Originally Posted by jragosta
This is one of the things that is wrong with media today.
Gizmodo committed a crime. Why are the other media outlets sticking their nose where it doesn't belong. Let the police do their jobs. If Gizmodo prevails in court, they can sue at that point.
So, the media looking into a story that a) is of interested to many people and b) has implications for how far the media shield laws go should stop looking into the story because you say they are guilty? They may well be, but thankfully the free press doesn't have to check with you for approval on a story.
In fact, since you are so against the media discussing this, why the hell are you discussing it? Why are you sticking you " nose where it doesn't belong"?
It is pretty hilarious that you have now managed to get even the most diehard fans here to respond to the ridiculousness of your posts.
Originally Posted by esummers
What are you talking about? Do you think the Apple engineer just gave it to them? If you drop something you don't lose ownership of it... If it is worth at least $5000, then it is a felony crime. Since Gizmodo paid $5000 for it, they crossed the threshold. How would you feel if you dropped your phone and someone took it instead of returning it to lost and found?
Sorry, no requirement in the law that says to turn it over to the last and found. Turning it over to one stranger in order to restore it to the owner is the same as turning it over to another. Walking out of the bar with it is also not a crime. At all. So long as your intention is to restore it to the owner. That is unknown and unproven at this point. Where it might have become a crime is when he sold it to Giz. Up to that point, it was still found
property. When he sold it, selling found
property is considered selling stolen
property. That was then the crime. By buying found property, Giz could be guilty of buying stolen property.
Originally Posted by kirkrr
Lost property is lost property - there is no indication that the person who picked up the phone in the bar stole it from the person who left it behind.
No stolen property - no crime committed.
The only crime here was illegal search and seizure by the police. Jason Chen/Gizmodo has had their fundamental Constitutionally guaranteed rights violated.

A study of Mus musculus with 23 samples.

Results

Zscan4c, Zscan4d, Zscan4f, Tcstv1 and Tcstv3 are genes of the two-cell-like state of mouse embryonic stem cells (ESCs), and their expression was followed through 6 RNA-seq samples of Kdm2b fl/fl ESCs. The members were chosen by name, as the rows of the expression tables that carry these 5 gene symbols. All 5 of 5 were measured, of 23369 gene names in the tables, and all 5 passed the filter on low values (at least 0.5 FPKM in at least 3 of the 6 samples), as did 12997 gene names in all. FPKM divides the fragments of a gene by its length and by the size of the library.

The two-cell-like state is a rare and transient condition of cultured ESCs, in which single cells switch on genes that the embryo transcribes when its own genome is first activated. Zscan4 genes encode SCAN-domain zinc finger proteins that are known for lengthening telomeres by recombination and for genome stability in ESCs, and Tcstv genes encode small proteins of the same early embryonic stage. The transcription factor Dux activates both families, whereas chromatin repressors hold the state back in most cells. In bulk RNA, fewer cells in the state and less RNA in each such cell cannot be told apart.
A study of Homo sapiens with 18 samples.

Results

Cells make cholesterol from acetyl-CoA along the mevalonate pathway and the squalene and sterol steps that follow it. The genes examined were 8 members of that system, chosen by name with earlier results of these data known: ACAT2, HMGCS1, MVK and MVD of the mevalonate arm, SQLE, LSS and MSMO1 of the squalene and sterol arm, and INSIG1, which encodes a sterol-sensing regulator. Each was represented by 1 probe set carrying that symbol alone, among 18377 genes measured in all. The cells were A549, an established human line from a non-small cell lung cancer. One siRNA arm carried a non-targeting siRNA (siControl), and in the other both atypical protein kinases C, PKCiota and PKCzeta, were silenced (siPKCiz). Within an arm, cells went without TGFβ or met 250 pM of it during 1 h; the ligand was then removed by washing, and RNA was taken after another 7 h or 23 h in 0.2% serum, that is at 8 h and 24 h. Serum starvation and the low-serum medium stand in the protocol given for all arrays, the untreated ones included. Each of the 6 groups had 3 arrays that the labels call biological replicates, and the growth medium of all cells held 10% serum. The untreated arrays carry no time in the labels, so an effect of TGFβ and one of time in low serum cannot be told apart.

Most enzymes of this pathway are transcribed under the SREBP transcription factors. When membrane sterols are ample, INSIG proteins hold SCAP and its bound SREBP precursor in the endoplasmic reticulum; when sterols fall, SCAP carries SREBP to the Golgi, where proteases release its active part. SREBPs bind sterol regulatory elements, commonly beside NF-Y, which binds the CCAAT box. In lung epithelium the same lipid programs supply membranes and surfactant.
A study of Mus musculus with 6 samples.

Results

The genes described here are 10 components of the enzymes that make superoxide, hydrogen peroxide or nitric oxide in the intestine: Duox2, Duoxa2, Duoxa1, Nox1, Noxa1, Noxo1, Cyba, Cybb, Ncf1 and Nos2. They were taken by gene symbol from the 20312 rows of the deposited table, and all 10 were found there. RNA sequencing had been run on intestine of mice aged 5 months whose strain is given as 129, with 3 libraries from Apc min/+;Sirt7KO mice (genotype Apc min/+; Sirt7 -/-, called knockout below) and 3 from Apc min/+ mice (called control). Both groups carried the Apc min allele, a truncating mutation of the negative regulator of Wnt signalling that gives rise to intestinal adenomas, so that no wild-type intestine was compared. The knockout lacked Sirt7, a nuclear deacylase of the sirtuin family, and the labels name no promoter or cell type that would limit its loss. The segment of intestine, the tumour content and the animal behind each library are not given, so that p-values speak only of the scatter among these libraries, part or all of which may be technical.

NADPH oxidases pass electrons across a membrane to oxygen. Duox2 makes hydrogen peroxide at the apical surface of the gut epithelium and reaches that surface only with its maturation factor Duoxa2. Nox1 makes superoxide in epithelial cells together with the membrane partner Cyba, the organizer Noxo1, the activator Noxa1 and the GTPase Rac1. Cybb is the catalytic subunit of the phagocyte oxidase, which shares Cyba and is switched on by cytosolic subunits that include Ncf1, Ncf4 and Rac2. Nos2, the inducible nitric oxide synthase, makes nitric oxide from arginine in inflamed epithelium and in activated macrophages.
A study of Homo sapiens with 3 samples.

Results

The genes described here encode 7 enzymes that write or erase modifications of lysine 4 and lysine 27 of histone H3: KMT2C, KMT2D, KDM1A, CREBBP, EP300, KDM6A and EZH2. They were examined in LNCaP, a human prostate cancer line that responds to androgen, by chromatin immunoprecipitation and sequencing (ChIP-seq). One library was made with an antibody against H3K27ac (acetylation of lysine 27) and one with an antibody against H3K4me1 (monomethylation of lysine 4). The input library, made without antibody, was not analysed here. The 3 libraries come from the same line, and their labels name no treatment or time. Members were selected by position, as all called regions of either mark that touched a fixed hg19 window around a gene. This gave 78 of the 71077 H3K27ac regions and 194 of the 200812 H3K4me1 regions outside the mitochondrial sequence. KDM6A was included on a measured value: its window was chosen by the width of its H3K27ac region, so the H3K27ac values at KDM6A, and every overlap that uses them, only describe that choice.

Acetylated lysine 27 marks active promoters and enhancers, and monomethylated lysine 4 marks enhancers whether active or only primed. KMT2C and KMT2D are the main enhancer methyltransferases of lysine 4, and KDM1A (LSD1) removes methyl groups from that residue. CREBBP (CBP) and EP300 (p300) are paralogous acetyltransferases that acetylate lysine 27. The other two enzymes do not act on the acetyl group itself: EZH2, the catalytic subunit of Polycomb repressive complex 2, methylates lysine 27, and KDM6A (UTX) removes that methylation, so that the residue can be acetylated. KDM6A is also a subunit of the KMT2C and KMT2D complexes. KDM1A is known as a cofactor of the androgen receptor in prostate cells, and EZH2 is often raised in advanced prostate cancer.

But this should come as no surprise - very little of what the government does today is Constitutionally legal, and California is even worse than the Feds in that regard. The founding father's must be turning over in their grave.
There could be a crime.
It was indeed lost property and covered by the lost property statutes in Cali. The seller was guilty of nothing when he took it home, if his intent was to return it to the owner, But, upon selling it, its status could change to stolen
. If proven, then that would definitely be a crime. Finder would be guilty of selling stolen property and Giz would be guilty of buying stolen property.
That is why Giz is pushing the idea that they did not actually buy the item but paid only for access to it. If they did not buy the item, then the item was never sold. If the found item was never sold, then there was no crime of buying or selling stolen property and really no case. Whether the argument of buying access to an item is substantively different than buying the item itself stands up in court, remains to be seen. The problem with this argument, that I see, is that the lost property statutes still require the finder to make reasonable efforts to return the item. If he is selling only access to it and this is accepted by the court, then he is then using it for his own benefit(use), which violates the statue. He would then be guilty of theft, but Giz would not be guilty of buying stolen property.
And if Giz is not guilty of a crime, then the search and seizure becomes a serious issue.